Sunday, May 14, 2006

Progressive Faith Blog Carnival: Misquoting Jesus

The Abrahamic religions - Judaism, Christianity and Islam - all place great importance and hang a good bit of their legitimacy on sacred Books. In fact the youngest of these refers to their adherents as "People of the Book". Whether it's the Quran, the Gospels or the Torah the faithful look to their texts for guidance, validation and G-d's words. The question that comes immediately to mind is "How do you know your Book is accurate?" Let's leave aside the arguments that insult one's intelligence like "The Book is true because it says so right in the Book", supposed codes that are almost certainly applications of the law of large numbers and that classic of theological persuasion "Believe or I will kill you, you blaspheming heretic." Where do the books come from? How do we know they are accurate?

We've bought most of our books at Amazon for some years now. Their cluster-analysis software has gotten terrifyingly good at predicting what we will enjoy, so just a couple months ago I was surprised to see Bart Ehrman's Misquoting Jesus: The Story Behind Who Changed the Bible and Why on our recommendation list. I'm not a Christian. The Gospels and the letters of Paul are of no interest to me. But I had enjoyed the Nag Hammadi texts and some of the non-canonical Gospels such as Thomas and Mary Magdalene. My next thought was that it was the latest in a long line of ill-tempered rants about the Christian Bible. But the price was attractive, and it was paired with something else I was interested in, so a copy was soon on its way from Nevada to Oregon.

Dr. Ehrman has impressive academic credentials - doctorate from Princeton and currently chair of Religious Studies at UNC Chapel Hill. But he's not just a liberal scholar with no real religious background. He was Born Again in high school and attended Moody Bible Institute and Wheaton. His criticisms of his faith and its underpinnings are reluctant. His enthusiasm is obvious. Textual criticism is one of the driest possible subjects. His passion for the subject is infectious.

Misquoting Jesus addresses a number of important areas. First, there is the formation of the Christian canon. This has been dealt with in detail elsewhere, but he goes over it lightly - church letters and their significance, martyrologies, apologetics, tracts, acts of the apostles, apocalypses and important attempts at formalizing the canon such as Marcion's. Much is made of the fact that the original manuscripts have been lost and had, in fact been lost for decades when the earliest Christian Bibles were first put on paper.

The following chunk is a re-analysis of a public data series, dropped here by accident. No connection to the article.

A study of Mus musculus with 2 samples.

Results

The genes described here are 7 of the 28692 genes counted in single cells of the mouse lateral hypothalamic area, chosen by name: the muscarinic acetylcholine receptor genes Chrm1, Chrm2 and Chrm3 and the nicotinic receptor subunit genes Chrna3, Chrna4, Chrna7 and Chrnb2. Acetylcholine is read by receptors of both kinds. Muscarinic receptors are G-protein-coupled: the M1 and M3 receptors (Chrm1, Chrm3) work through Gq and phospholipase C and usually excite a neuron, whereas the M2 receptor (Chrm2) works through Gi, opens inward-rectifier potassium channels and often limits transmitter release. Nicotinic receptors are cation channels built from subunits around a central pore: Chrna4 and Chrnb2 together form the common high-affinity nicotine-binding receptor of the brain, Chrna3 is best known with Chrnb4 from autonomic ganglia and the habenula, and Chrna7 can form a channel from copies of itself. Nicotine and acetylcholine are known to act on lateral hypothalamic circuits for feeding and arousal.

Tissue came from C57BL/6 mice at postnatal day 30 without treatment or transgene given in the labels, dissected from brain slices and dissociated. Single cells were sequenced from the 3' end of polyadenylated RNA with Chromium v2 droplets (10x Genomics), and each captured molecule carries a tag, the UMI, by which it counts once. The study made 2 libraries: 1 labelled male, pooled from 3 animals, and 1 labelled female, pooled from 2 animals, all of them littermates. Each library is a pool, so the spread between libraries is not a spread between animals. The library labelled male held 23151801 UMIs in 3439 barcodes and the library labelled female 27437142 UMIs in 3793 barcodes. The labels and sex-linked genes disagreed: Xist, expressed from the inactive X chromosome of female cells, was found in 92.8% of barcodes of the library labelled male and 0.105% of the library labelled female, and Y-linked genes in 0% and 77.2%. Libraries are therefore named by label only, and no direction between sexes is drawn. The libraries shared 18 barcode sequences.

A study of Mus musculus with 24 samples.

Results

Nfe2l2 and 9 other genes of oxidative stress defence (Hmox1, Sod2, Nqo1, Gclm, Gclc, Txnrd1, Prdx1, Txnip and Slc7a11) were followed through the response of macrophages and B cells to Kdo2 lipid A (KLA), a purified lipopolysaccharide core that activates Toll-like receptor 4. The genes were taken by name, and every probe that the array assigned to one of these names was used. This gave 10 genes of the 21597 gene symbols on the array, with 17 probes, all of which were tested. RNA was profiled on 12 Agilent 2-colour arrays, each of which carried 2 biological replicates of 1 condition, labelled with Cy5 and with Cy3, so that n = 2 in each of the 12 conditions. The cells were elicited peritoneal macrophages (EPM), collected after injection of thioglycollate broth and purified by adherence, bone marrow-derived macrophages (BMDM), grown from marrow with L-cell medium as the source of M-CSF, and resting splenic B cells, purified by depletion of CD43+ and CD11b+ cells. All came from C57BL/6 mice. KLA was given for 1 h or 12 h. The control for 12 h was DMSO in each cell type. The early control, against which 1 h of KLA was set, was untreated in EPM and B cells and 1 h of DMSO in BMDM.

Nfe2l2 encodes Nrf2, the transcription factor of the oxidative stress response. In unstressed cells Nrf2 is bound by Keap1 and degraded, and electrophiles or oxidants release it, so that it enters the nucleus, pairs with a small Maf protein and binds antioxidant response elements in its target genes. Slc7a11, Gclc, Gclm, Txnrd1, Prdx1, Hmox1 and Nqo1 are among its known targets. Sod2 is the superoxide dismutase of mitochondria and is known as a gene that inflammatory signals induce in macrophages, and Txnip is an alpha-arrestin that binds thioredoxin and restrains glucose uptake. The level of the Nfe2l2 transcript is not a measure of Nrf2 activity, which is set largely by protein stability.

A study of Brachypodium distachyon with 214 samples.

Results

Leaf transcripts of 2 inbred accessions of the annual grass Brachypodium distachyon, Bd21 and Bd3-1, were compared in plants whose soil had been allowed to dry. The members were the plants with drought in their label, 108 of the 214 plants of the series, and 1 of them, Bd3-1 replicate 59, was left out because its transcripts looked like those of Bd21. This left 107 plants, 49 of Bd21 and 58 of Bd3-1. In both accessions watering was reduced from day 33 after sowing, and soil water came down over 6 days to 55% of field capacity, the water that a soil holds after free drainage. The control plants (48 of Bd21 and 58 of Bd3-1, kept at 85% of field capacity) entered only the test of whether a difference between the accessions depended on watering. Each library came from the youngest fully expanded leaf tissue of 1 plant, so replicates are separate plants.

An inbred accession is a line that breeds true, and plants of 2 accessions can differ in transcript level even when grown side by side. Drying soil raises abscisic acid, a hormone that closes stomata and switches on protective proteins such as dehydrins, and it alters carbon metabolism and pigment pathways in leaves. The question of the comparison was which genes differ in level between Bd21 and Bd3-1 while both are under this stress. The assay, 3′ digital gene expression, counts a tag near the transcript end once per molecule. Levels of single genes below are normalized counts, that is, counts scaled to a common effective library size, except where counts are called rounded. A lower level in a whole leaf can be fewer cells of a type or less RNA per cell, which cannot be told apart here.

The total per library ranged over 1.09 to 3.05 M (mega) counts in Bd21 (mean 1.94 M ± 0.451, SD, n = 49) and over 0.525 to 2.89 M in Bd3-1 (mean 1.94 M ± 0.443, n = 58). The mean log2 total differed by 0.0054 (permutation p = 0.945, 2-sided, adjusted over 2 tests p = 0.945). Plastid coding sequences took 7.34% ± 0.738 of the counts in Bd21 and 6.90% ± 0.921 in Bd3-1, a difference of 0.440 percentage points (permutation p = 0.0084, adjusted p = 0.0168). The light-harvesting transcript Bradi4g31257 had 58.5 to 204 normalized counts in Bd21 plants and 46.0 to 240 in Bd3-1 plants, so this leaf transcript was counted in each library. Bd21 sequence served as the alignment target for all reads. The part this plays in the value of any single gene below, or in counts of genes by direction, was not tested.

A large portion of the book is devoted to copying and copyists. We think of a book as being published in editions each of which is a letter-perfect replica of all the others. I was amazed at how false that turned out to be. In an age when literacy, defined so loosely as being able to recognize one's own name on paper, was at about 5% there were very few Christian scribes who could actually read and write. Accidental changes were common as were intentional alterations to fit the views of the copyist. In fact, the earlier the manuscript the worse the errors and the more the editorial changes. A long piece on the history of textual criticism of the Christian Bible points out that the discrepancies run into the tens of thousands and that is impossible to honestly say what the "original" text said. A number of important passages are shown to be of questionable provenance either through error or deliberate adulteration to support the copyist's beliefs.

So what's the point here? Is it just an attempt to pull down Christianity? I would say not. The easy certainties are always casualties of the search for truth. Biblical scholarship is no exception. The author makes the point forcefully and repeatedly that the authors of the Christian Bible were trying to make sense out of the world. They had texts of varying reliability. There was doctrine. There was argument about doctrine. Somehow what they believed had to be reconciled with the words of the Divine. Thus we have four very different views of Jesus, passages corrected to accord with what the writer knew in his heart to be true, alterations to emphasize or support the wholly Divine Jesus versus the half-Divine or the Adopted Jesus and many others. The Bible has to be seen as a collection of documents coming out of a living tradition, a very human collection that must be viewed more as an exploration than a destination.

On a deeper level, these scribes and copyists, secretaries, monks and apologists were trying to do something which is ultimately impossible. They were trying to take a picture of G-d, to encompass and put a form around that which is by nature beyond human comprehension. We have to do this since human minds are all we have to work with. The effort will fail. It is still important to try.